All too often people attempt to substantiate their interpretation of a passage of Scripture based on the idea that it is “the plain meaning” of the text. It is particularly popular in arguments over the meaning of Genesis 1–3 where it is used to substantiate the claim that God created the world in seven 24-hour days because that is “the plain meaning” of the text.
It is, of course, a very bad argument. It simply glosses over so many problems anyone who appeals to it ought immediately to be seriously doubted. Here are but a few problems with it:
- Whose “plain meaning” are we talking about? Why should your “plain meaning” be the same as my “plain meaning”? Even more significant, why should your “plain meaning” even come close to the “plain meaning” that the author and original audience of the text would have understood as they read or heard the words of the text?
- An appeal to the “plain meaning” conceals the fact that the text being referred to, at least by most who make this sort of argument, is a translation of a text composed in and for an ancient culture from a significantly different social, cultural, and linguistic world than our own. To get to the translation into our own language so we can subsequently make a claim about its “plain meaning” depends upon substantial amounts of work by linguists, translators, theologians, historians, and others.
- Some argue that the linguistic, cultural, and social differences between the time the texts of the Bible were composed and our own have little bearing on our comprehension of the meaning of the text. This is both true and untrue. While there are some who perhaps overstate the significance of the differences, there is a greater danger in understating it. Those who dismiss the significance are often as guilty of exegetical whitewash as those who think that appealing to “plain meaning” is a compelling argument for an interpretation.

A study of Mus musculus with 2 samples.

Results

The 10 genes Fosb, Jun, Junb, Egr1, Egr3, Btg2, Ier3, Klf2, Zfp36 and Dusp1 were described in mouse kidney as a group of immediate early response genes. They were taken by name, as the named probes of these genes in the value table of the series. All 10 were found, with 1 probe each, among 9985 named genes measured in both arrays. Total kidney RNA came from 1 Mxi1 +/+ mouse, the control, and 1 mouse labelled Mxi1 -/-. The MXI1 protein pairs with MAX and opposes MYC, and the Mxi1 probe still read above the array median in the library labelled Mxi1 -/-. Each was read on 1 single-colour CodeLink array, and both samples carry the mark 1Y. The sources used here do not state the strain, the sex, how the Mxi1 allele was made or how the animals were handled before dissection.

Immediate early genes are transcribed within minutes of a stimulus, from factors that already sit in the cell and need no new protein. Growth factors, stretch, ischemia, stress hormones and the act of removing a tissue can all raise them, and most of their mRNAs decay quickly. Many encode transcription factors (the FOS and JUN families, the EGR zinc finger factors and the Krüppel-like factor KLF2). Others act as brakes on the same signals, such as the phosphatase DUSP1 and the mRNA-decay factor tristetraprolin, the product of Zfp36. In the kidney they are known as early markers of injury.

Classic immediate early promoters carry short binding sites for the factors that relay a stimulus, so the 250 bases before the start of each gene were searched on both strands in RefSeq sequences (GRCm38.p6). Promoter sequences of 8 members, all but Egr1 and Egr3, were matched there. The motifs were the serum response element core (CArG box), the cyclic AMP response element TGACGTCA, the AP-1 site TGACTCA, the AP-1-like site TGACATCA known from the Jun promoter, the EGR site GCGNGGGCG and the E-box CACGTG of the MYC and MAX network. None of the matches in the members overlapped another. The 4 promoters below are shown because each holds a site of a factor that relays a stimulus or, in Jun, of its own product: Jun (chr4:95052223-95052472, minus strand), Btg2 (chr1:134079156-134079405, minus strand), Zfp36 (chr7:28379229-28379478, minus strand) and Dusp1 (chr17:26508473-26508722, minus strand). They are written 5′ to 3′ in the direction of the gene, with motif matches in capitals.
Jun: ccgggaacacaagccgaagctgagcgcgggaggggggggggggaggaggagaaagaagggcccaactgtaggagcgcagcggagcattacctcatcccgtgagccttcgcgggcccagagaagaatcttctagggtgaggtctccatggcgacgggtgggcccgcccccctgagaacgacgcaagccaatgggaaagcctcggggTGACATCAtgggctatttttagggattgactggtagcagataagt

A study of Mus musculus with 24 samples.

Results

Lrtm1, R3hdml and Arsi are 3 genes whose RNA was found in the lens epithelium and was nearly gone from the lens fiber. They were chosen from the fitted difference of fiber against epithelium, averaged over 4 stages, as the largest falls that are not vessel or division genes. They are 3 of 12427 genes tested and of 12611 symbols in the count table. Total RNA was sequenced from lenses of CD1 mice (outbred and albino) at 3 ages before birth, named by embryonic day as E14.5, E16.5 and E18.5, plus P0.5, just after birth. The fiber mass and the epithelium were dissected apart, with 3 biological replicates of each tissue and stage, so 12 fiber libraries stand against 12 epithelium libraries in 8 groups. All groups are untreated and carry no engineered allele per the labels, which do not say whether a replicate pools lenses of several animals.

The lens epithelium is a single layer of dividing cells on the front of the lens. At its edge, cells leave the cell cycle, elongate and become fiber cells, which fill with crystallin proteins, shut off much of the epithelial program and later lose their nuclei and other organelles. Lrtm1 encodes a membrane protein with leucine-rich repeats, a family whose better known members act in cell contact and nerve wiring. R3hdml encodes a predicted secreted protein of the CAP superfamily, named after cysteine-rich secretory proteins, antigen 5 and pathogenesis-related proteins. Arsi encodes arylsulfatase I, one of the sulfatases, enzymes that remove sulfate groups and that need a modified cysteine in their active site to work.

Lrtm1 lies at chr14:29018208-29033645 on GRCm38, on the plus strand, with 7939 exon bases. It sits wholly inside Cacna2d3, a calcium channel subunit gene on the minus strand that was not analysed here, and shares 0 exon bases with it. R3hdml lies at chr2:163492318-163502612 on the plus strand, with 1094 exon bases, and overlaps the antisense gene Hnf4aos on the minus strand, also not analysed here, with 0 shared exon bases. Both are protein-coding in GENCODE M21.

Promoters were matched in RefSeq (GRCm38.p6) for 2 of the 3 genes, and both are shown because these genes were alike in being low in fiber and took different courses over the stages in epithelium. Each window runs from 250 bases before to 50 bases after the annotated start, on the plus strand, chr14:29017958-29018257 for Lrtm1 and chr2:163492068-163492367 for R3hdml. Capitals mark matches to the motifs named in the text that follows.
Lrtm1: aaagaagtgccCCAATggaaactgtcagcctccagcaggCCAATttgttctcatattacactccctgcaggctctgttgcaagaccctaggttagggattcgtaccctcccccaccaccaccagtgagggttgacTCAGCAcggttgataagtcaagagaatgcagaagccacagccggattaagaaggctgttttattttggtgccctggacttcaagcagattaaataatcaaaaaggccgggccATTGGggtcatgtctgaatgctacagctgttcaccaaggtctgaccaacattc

- The “plain meaning” may depend on the translation you read. Discussions about modern translations broadly make reference to two methodologies which underlie the translation process: so called “formal equivalent” and “dynamic equivalent” (various other labels are used, but broadly speaking the first is often described as “more literal” and the latter as “less literal” because of the former’s desire to preserve a closer relationship between individual words in the translation and individual words in the original). Hence the “plain meaning” derived from an FE translation may well result in misapprehension of the meaning if an idiom is translated literally into what appears to be an idiom in the translation’s language, the “plain meaning” may actually be quite different from that of the original. Even if the receptor language has no idiom, the loss of idiomatic association can result in a failure of the original “plain meaning” to match the modern reader’s “plain meaning.”
So, ultimately, the only “plain meaning” I’m interested in is that plain meaning which the author and the original audience would have appreciated as they heard or read the text. To arrive at anything approaching this “plain meaning,” however, is seldom such a trivial task as the term “plain” implies!
There are, of course, implications for the doctrine of the perspicuity of Scripture in these words, and I may follow up on that at some point in the future.